Carbon Nanotube-Based Thin Film Creates Hybrid Organic/Silicon Solar Cells
Research into improving photovoltaics (PVs) is one of the most dynamic areas of nanotechnology. The range of nanomaterials and approaches to using them for increasing the energy conversion efficiency and lowering the cost of PVs are impressive.
Quantum dots have generated some of the more attractive approaches to creating solar cells with extremely high conversion efficiencies. Even the wonder material graphene has gotten into the act recently by offering an inexpensive alternative to indium-tin-oxide (ITO) used in the electrodes of organic solar cells.
But industry adoption of nanotechnology-based solar power solutions has been rocky, epitomized by last year's bankruptcy of Konarka. Often in emerging technologies—and perhaps in the case of nano-enabled PVs—it’s better not to reinvent the wheel but just figure out a way for it to roll a bit better.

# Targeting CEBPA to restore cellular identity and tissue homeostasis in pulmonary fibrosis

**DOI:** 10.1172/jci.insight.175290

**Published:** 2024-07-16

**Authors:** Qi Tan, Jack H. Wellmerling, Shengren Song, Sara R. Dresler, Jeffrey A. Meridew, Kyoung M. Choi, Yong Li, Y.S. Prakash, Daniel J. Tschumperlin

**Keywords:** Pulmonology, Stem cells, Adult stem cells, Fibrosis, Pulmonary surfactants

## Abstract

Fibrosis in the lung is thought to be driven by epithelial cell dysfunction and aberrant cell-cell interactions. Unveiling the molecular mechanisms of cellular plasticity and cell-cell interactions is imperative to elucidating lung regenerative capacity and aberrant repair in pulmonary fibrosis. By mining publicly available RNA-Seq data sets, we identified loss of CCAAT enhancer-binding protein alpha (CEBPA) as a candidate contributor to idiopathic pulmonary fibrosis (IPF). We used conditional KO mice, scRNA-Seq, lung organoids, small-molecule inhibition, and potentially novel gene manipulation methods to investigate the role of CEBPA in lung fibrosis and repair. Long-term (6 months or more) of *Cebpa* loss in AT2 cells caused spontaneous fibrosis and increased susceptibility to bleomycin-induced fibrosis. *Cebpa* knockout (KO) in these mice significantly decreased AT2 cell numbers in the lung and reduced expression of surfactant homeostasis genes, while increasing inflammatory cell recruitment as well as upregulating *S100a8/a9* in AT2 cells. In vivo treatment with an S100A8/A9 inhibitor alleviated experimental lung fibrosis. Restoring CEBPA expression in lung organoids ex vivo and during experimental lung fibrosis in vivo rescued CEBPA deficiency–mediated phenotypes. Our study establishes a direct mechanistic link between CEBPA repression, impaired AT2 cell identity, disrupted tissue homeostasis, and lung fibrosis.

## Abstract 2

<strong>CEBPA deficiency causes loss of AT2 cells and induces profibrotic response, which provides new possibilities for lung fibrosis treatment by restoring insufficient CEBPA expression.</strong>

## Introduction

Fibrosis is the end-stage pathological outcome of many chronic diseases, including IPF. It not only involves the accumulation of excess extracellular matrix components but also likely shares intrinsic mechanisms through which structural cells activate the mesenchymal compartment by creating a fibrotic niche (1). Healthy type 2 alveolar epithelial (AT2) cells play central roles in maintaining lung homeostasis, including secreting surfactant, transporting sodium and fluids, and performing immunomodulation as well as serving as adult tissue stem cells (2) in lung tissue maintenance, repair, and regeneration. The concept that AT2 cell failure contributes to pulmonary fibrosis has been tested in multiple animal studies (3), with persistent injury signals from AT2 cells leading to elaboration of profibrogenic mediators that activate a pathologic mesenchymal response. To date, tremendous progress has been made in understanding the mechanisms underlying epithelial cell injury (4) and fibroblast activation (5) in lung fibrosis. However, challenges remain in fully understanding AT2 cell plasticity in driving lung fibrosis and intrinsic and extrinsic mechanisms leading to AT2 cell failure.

To this end researchers at Yale University have developed a carbon nanotube-based thin film that, when applied to today’s crystalline silicon solar cells, create a hybrid carbon/silicon solar cells with far greater power-conversion efficiency than they currently possess.
“Our approach bridges the cost-effectiveness and excellent electrical and optical properties of novel nanomaterials with well-established, high efficiency silicon solar cell technologies,” said André D. Taylor, assistant professor of chemical and environmental engineering at Yale and a principal investigator of the research, in a university press release.